Thursday, November 28, 2013

Choosing Life

     Your body needs energy to survive and food provides your body with energy, so logically everyone needs to eat food to survive. Enter the eating disordered mind: FOOD IS THE ENEMY AND I DON'T NEED OR WANT IT! Let me try to explain.

     Growing up I've always had a fear of vomit. I can remember one specific episode when I was around eight that I was vomiting and just thought I was going to die. Obviously I didn't, but that didn't stop the fear from forming. Any time I was around someone who even mentioned feeling nauseated I'd start hyperventilating and shaking all over, it was a physical reaction I had no control over because the fear was that strong. So I'm sure you can imagine that being diagnosed with an illness that among many things can cause chronic nausea and vomiting was my worse nightmare come true. The day my GI doctor very bluntly told me I had Gastroparesis I cried and cried while he sat there rambling on and finally stopped to ask "Does this news upset you?" Yeah, I didn't continue seeing him for very long.

     He sent me home with a crushed spirit and a sample meal plan that didn't work at all. Before I was officially diagnosed, I dealt with the symptoms as best I could when my GP would flare really bad and tried my hardest to eat through the "normal" level of daily nausea and bloating. I lost a decent amount of weight but nothing to be overly concerned about. Once I learned about the GP friendly diet though (low fat and fiber, avoid indigestible foods like popcorn), it was like a switch was flipped in my head. Instead of viewing the diet as a way to manage my symptoms, I was looking for it to RESOLVE my symptoms and when it didn't I moved on to NO fat and fiber. I cut out one food after another until I was down to a couple "safe foods." That may be ok during a flare, but to stick to that long term is not healthy. When even those foods caused symptoms I cut my portions down to just a few bites every few hours, just enough food to stop my hunger pains or prevent myself from passing out. I wanted so desperately to feel better that I was willing to completely cut out what in my eyes caused all my suffering, food.

     At the time, I thought this was just the normal route of any person with GP because of all the horror stories I had read online. In my search for relief I had read story after story of people with GP who couldn't eat or work or function and I assumed that was what would become of me as well. It's true that for many people with GP it truly can be disabling, but doctor after doctor told me my case was mild and could be managed if I tried x, y, and z. I'd try their suggestions and still experience flares so assumed they must be wrong since I was still suffering because I wanted to be cured not managed. Instead of enjoying the good days and learning to manage the bad, I let the bad overshadow the good and they slowly began to take over. All I could do was sit at home and despise food because of how it made me feel. I would literally put food in my mouth and couldn't swallow it because I could only think of how it would make me feel in the short term rather than working to find ways to MINIMIZE my symptoms while still nourishing my body.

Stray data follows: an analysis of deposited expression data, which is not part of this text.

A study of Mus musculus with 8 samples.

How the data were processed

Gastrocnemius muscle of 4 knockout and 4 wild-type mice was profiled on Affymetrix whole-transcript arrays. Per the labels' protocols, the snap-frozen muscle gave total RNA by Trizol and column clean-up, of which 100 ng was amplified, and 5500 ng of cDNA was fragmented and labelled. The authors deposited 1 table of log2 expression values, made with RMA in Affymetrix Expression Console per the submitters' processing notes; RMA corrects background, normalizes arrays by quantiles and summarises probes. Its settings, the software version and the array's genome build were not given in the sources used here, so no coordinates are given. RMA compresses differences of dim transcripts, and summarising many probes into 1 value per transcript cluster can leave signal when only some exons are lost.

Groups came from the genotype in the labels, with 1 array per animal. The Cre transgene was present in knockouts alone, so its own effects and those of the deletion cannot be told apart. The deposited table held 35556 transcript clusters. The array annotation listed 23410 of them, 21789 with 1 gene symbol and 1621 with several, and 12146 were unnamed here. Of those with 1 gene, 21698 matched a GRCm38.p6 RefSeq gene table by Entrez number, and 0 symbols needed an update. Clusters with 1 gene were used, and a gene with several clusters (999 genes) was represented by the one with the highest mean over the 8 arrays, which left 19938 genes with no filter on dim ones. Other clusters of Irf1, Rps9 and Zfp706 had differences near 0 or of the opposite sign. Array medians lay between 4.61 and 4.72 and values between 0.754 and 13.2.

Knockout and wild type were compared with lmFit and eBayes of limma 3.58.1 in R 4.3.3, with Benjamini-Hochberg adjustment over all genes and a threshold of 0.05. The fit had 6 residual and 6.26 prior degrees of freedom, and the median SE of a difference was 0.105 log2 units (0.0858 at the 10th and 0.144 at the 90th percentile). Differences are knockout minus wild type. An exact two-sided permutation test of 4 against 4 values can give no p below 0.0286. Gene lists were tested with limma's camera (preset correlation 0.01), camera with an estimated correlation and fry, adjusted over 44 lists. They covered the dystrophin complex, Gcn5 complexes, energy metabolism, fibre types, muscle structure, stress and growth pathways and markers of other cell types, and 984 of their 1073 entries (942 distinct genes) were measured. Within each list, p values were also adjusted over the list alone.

It took a long time for me to be able to step back and see that although I had a legitimate health problem, it had somehow spiraled into something that I had no control over and needed help to recover from. It seems pretty common for people with GP to develop problems and fears toward food and I remember reading early in my diagnoses about seeking treatment EARLY for such problems and wish I had really taken that to heart and done so. I know many people may look at me and wonder how I can be afraid of food, but it's just like any other type of negative reinforcement I guess. Take those invisible fences for example. You put the zapper on a dogs collar and place those orange flags where his border is. Over time, he'll realize "Hey, I get to close to the flying thing and get a zap. I should probably avoid it." Well, I eat food and very often get negative symptoms. The only difference is that as much as I would love to never have to eat again, food is something I just can't avoid. I remember my therapist telling me "Even if you do throw up once every twenty five times that you eat, so what." In my mind it had never been that simple, but I was willing to try and make it that simple.

     My journey has been long and the end is still far off, but I'm ready to get off the side line and back into the race. Some days I look back and wonder whether my GP got worse or if my lack of nutrition and eating caused an increase in my symptoms, but I've been told that for some people, especially those like myself with Idiopathic Gastroparesis (the cause is unknown), over time the body can heal and GP will resolve on it's own so I'm hopeful that by giving my body the love and nourishment that it needs there is a chance I will one day be rid of this trial. Even if that is not the case, I hope to over come my fear of food and learn to manage my GP and get back to living. Just because life may be hard doesn't mean you can't enjoy it. I have confidence that through my faith and the support of my family and friends I can succeed and look forward to sharing my journey with you.